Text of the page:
Leading Egyptian cleric says while gays are sinners they should not be harmed

Grand Mufti Shawki Allam

Grand Mufti Shawki Allam

A leading Egyptian religious leader, Grand Mufti Shawki Allam, has condemned the Orlando massacre and other attacks against gays and lesbians.

In an interview with the German publication Süddeutsche Zeitung, Allam described homosexuality as a “religious sin” but noted that this belief is not unique to Islam.

“The Pope of the [Christian] Coptic Church in Egypt has quoted the Bible and condemned homosexuality,” he pointed out.

Allam, however, differs from some extremist Islamic clerics who believe that homosexuality should be punished by death.

“Yes, it is religiously not allowed and not accepted practice in Islam. But that does not give anyone the right to hurt homosexuals or to take the law into their own hands,” said Allam.

He continued: “…even if we view homosexuality as a religious sin, that does not give anyone the freedom to injure another person in any way. Each person is equally inviolable. What happened in Orlando is totally unacceptable.”

He did not address the imprisonment of LGBT Egyptians in the interview. Allam, who is seen as a moderate, represents Sunni Mulsims, who make up the vast majority of Egypt’s population.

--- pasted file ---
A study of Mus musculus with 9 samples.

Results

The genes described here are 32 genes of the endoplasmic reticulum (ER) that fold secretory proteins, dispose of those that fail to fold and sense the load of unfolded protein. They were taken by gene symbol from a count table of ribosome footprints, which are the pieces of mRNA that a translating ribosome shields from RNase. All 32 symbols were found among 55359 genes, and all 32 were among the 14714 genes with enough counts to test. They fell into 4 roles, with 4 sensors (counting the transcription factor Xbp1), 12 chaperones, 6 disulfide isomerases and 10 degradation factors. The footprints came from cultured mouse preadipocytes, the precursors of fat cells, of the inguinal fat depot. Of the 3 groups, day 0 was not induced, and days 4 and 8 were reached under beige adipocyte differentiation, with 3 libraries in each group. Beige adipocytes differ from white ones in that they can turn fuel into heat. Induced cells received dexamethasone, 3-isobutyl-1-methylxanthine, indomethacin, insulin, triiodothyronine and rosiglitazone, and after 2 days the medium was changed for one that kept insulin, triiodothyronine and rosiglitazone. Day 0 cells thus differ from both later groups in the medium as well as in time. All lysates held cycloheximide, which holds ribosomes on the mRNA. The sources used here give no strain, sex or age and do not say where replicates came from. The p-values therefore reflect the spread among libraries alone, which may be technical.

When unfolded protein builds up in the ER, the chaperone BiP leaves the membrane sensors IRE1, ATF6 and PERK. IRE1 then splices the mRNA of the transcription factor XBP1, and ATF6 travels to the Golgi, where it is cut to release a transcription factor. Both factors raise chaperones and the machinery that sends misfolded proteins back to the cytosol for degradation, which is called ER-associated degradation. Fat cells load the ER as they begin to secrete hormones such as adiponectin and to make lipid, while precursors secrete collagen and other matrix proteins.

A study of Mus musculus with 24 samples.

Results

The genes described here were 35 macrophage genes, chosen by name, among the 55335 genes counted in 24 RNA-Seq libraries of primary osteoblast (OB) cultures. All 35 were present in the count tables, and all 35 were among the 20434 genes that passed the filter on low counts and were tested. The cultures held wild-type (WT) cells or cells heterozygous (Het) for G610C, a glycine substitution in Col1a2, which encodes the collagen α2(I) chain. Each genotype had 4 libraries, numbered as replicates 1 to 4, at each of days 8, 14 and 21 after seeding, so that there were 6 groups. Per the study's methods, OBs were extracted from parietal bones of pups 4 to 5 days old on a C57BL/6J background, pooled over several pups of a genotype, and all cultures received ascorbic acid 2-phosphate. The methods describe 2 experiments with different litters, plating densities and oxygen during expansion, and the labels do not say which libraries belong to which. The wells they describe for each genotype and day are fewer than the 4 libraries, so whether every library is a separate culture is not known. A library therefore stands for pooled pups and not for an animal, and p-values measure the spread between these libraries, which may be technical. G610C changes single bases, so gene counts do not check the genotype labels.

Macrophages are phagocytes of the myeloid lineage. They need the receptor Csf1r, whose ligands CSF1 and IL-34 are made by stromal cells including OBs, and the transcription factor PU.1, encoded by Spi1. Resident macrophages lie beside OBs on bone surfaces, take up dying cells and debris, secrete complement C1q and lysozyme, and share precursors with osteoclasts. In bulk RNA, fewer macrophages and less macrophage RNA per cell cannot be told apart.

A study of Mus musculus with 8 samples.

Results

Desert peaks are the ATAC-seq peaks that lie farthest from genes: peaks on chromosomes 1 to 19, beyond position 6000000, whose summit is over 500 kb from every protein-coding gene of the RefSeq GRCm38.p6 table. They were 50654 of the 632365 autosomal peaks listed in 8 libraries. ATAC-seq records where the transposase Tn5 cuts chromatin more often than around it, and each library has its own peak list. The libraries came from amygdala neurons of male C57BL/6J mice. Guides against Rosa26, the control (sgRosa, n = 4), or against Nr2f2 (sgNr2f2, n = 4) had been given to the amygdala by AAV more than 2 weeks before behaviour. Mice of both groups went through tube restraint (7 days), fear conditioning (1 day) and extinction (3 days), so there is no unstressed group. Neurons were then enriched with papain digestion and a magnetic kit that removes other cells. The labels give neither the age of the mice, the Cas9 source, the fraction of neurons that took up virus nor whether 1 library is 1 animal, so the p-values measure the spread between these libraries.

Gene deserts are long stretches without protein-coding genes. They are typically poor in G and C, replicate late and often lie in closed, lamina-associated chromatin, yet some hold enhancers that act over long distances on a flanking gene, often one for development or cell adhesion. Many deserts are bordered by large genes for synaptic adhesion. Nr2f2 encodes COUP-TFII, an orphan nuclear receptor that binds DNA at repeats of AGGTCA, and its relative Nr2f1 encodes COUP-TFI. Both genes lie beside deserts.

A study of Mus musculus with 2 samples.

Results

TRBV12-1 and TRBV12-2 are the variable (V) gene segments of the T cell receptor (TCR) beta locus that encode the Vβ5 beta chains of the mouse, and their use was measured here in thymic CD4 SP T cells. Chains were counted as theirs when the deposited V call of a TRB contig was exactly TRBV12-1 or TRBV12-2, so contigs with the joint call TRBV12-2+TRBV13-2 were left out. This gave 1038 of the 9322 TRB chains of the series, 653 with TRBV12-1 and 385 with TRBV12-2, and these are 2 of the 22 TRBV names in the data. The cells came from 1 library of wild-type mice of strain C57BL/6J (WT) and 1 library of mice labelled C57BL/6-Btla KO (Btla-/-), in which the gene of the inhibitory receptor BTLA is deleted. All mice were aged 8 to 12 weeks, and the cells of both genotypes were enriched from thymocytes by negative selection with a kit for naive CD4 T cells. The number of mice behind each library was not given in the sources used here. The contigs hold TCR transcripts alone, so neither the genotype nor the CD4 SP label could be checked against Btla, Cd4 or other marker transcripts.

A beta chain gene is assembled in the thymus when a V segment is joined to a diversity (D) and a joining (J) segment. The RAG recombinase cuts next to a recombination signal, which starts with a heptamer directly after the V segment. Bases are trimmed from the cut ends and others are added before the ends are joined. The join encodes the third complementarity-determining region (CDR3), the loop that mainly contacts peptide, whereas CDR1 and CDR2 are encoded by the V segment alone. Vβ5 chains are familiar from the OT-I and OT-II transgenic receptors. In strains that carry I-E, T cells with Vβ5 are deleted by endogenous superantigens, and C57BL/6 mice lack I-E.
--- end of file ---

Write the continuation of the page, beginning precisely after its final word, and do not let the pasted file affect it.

His office, a government agency, is charged with issuing religious legal opinions (fatwas). The Grand Mufti is also responsible for reviewing all death sentences in Egypt.

Homosexuality is not specifically outlawed in Egypt but gay people are often targeted and jailed through immorality or public indecency laws. The authorities have been accused of using social media, including dating apps, to track down and arrest gay men.

Some fundamentalist Islamic groups, such as Isis, as well as some extremist clerics are proponents of a radical interpretation of sharia religious law which allows for the execution of people for “morality” crimes, including adultery and homosexuality.

Isis welcomed the Orlando massacre and shooter Omar Mateen reportedly pledged his allegiance to the group in a call to 911. (It is important to note that some radical Christians, such as American pastor Steven Anderson, also call for the execution of gay people.)